From Kampong Speu palm sugar, to Mondulkiri wild honey and Kampot salt and pepper, Cambodia has a rich food heritage distinguished by the local environment and expertise. Geographical Indications (GI) attest to the provenance, quality and reputation of some of the world's most important agricultural heritages. They also improve the lives of farmers and their families. GIs target rural workers who make up 95 percent of the poor and whose livelihoods depend on protecting their traditions and environment, but also on their ability to compete in the global agricultural marketplace.
The sandy soils and dry climate of Kampong Speu in southwest Cambodia provide perfect conditions for the Thnot tree’s palm sugar, which small-scale farmers have been cultivating since the Angkor era. The GI project ensures that the cultivation of Kampong Speu palm sugar (or “Skor Thnot Kampong Speu”) is cultivated sustainably, and contributes to name recognition on global markets.
"Between growing rice in the rainy season and making sugar in the dry season, we now have a stable income year-round, with greater market opportunities than ever before,” said Sem Ven, one of the farmers to benefit from the project.
Mondulkiri Honey, Cambodia’s liquid gold
Meas Por, 35 years old, climbs the gnarled trunk of a forest tree toward a huge bees' nest – a source of prized Cambodian honey. He looks across the vast expanse of the Mondulkiri forest in the largest yet least populated province in Cambodia, home to the Bunong ethnic group. They depend on the natural environment around them, but deforestation and climate change are threatening their livelihoods.
For them, the GI project is a real opportunity to escape poverty and preserve the forest. Since the GI was registered for local honey a year ago, the project has counted close to 500 honey collectors in the association, living in 11 community protected areas (CPA), and collecting 35 to 40 metric tons of honey yearly.
"We are finally able to support our families, put food on our table, send our children to school, while taking care of our forest, our land," says Meas Por.
Head south for salt and pepper
Kampot province in the south of the country is home to large pepper plantations. Farmer Chan Deng, beholds the peppercorns he rolls between his fingers. "They’re perfect now," he says. "You should try it on our traditional grilled fish tonight.” Grown the old-fashioned way, on vines that thrive in Kampot's unique soil and its coastal climate, local farmers harvest black, white green and red varieties.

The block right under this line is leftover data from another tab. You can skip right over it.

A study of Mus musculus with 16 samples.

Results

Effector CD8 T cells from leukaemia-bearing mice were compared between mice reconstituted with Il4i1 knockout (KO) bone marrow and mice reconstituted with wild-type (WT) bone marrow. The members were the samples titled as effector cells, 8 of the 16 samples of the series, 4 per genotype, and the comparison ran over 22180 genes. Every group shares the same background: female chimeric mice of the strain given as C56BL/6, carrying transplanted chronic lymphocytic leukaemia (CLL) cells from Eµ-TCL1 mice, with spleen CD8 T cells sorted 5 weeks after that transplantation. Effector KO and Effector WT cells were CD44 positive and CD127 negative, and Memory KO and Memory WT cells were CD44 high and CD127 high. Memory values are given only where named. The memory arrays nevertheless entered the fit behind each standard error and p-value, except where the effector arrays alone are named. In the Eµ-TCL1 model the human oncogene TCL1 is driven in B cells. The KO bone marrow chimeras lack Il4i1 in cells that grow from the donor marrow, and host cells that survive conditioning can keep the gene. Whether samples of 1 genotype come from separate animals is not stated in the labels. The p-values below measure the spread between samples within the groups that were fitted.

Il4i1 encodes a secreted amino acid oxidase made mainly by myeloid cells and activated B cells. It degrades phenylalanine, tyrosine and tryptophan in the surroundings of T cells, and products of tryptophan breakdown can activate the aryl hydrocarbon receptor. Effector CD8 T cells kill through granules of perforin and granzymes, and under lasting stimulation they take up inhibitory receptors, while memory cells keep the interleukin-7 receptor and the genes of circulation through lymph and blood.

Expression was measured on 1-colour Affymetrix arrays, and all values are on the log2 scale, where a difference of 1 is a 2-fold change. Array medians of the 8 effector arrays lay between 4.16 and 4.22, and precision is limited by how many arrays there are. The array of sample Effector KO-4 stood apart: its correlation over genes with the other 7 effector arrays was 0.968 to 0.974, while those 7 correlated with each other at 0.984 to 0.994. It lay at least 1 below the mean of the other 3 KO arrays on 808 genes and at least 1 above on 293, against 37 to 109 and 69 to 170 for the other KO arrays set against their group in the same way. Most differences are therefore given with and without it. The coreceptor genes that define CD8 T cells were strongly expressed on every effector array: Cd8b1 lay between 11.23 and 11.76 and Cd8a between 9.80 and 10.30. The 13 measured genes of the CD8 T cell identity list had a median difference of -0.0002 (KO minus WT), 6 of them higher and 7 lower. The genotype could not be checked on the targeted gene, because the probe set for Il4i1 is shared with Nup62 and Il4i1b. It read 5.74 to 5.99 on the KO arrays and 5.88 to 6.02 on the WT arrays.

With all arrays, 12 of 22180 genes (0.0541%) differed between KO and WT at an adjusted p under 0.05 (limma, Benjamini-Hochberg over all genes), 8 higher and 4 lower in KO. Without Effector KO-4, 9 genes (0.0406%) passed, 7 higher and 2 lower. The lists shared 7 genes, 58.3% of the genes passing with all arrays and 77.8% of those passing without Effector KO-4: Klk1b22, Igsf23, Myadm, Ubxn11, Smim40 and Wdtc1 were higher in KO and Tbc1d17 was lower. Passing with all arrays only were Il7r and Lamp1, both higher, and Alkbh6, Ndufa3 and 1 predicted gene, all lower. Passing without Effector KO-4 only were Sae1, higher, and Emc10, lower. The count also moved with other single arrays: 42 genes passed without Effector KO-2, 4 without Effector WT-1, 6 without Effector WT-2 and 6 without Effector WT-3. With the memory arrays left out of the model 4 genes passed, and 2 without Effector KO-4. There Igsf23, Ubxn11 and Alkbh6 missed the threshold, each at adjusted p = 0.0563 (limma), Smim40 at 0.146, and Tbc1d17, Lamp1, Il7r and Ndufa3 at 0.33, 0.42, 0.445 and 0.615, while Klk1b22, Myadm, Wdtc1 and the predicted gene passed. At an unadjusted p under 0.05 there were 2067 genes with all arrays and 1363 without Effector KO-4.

Mr. Deng too, has seen benefits from the GI Project. Beyond a substantial increase in revenues, he sees renewed solidarity among the farming community. "We have more confidence. We can share our knowledge and experience with each other. This is the most important thing we need to ensure that our way of life here is sustainable for future generations."
Thyda Thaung is the first woman in her family of salt producers to lead this traditionally male-dominated business. "I am well aware of the obstacles women face in this sector,” she says. “So I'm working to create more opportunities for women to work at all levels of the value chain, including decision-making and management."
She leads a team of 27 producers and really hopes that the salt will soon be registered as a geographical indication. "We are working with Gérande, for example, to understand what we need to do register our product. We are also working with the communities, to make them aware of the processes, and of the benefits they will be able to enjoy!"
Supporting the entire value chain
At the center of the project is a comprehensive process that highlights the unique traits of local and regional products along the chain from production to consumption. To earn the GI label, pepper, salt, sugar and honey must be cultivated according to strict standards, which make for high-quality products and invariably lead to improved earnings.
At the same time, professional associations are mobilized to make these GIs known. They verify compliance with GI requirements, and promote the products using the latest marketing strategies. Producer cooperatives have been formed for Kampong Speu sugar to monitor traceability and packaging before it is sold on the markets. Cooperatives allow producers to pool their resources in matters of storage, packaging and quality control.
This project is part of a wider regional project in Cambodia, Laos and Myanmar. AFD has been supporting the development of GIs in Southeast Asia since 2007.